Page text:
A new regulation that prohibits hunting or trapping of free-ranging Eurasian boars in New York State has been formally adopted by the state Department of Environmental Conservation (DEC). According to a statement issued to the press “the regulation is designed to ensure maximum effectiveness of DEC’s statewide eradication efforts.”
Eurasian boars were brought to North America centuries ago and wild populations numbering in the millions are now present across much of the southern U.S. In recent years, wild boar populations have been appearing in more northern states too, often as a result of escapes from enclosed shooting facilities that offer “wild boar hunts” according to DEC wildlife experts.
Governor Andrew Cuomo signed legislation on October 21, 2013, which immediately prohibited the importation, breeding or introduction to the wild of any Eurasian boars. Furthermore, the law prohibits possession, sale, transport or marketing of live Eurasian boars as of September 1, 2015. DEC officials believe the new law is an essential step in the state’s efforts to prevent Eurasian boars from becoming established in the wild.
However, there are already small numbers of Eurasian boars on the landscape in New York. Since 2000, wild boars have been reported in many counties across the state, and breeding in the wild has been confirmed in at least six counties (Tioga, Cortland, Onondaga, Clinton, Sullivan and Delaware) in recent years. DEC is working with the U.S. Department of Agriculture’s Wildlife Services program to remove any Eurasian boars that are reported in New York. To date, more than 150 animals have been captured and destroyed.
“Hunters have offered to assist our efforts by hunting for boars wherever they occur, but experience has shown this to be counter-productive,” DEC Commissioner Joseph Martens told the press. “As long as swine may be pursued by hunters, there is a potential conflict with our eradication efforts. Eurasian boars often join together to form a ‘sounder,’ the name for a group of pigs that can number 20 or more individuals. Shooting individual boars as opportunities arise is ineffective as an eradication method often causes the remaining animals to disperse and be more difficult to remove.”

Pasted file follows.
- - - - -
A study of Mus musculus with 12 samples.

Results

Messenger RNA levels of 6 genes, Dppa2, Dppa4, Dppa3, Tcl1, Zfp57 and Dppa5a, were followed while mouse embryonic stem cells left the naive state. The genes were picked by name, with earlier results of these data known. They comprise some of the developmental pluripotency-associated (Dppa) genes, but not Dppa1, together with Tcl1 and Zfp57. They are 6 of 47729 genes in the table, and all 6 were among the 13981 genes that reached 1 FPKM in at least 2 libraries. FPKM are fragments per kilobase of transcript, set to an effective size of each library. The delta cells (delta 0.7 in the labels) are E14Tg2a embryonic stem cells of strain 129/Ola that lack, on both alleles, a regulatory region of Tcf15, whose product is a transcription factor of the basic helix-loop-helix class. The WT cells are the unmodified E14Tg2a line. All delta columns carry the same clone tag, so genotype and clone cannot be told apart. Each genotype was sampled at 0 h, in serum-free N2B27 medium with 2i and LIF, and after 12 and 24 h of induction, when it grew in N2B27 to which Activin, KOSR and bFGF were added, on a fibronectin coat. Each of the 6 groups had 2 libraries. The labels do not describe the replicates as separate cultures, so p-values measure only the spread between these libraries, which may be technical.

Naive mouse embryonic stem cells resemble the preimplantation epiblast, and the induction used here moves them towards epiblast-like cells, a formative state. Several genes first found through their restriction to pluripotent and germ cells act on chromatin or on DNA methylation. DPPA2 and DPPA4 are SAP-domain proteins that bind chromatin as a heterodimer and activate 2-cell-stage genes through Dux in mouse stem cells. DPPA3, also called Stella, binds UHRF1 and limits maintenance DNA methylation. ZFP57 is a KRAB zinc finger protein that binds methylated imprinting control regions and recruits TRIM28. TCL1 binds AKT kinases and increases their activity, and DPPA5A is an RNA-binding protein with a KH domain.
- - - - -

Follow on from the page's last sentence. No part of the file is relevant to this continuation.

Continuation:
According to DEC: “Hunters pursuing wild boars in locations where baited traps have been established by DEC or USDA can also undermine these costly and labor-intensive capture efforts. Shooting may remove one or two animals, but the rest of the sounder scatters and rarely comes back together as a group, thereby hampering eradication efforts. In addition to prohibiting take of free-ranging swine by hunters, the new regulation prohibits anyone from disturbing traps set for wild boars or otherwise interfering with Eurasian boar eradication activities. Hunting wild boar is still allowed at enclosed hunting preserves until September 1, 2015.”
The regulation provides exceptions for state and federal wildlife agencies, law enforcement agencies, and others who are authorized by DEC to take Eurasian boar to alleviate nuisance, property damage, or threats to public health or welfare.
Anyone who observes a Eurasian boar (dead or alive) in the wild in New York should report it as soon as possible to the nearest DEC regional wildlife office or to: firstname.lastname@example.org and include “Eurasian boar” in the subject line.
Because it is sometimes difficult to distinguish a domestic pig, pot belly pig or Eurasian boar based solely on a description, reporting of all free-roaming swine is encouraged. Report the number of animals seen, whether any of them were piglets, the date, and the exact location (county, town, distance and direction from an intersection, nearest landmark, etc.). Photographs of the animals are especially helpful, so try to get a picture and include it with your report.
Full text of the regulation can be viewed on DEC’s Weekly Environmental Notice Bulletin for April 23, 2014, available online.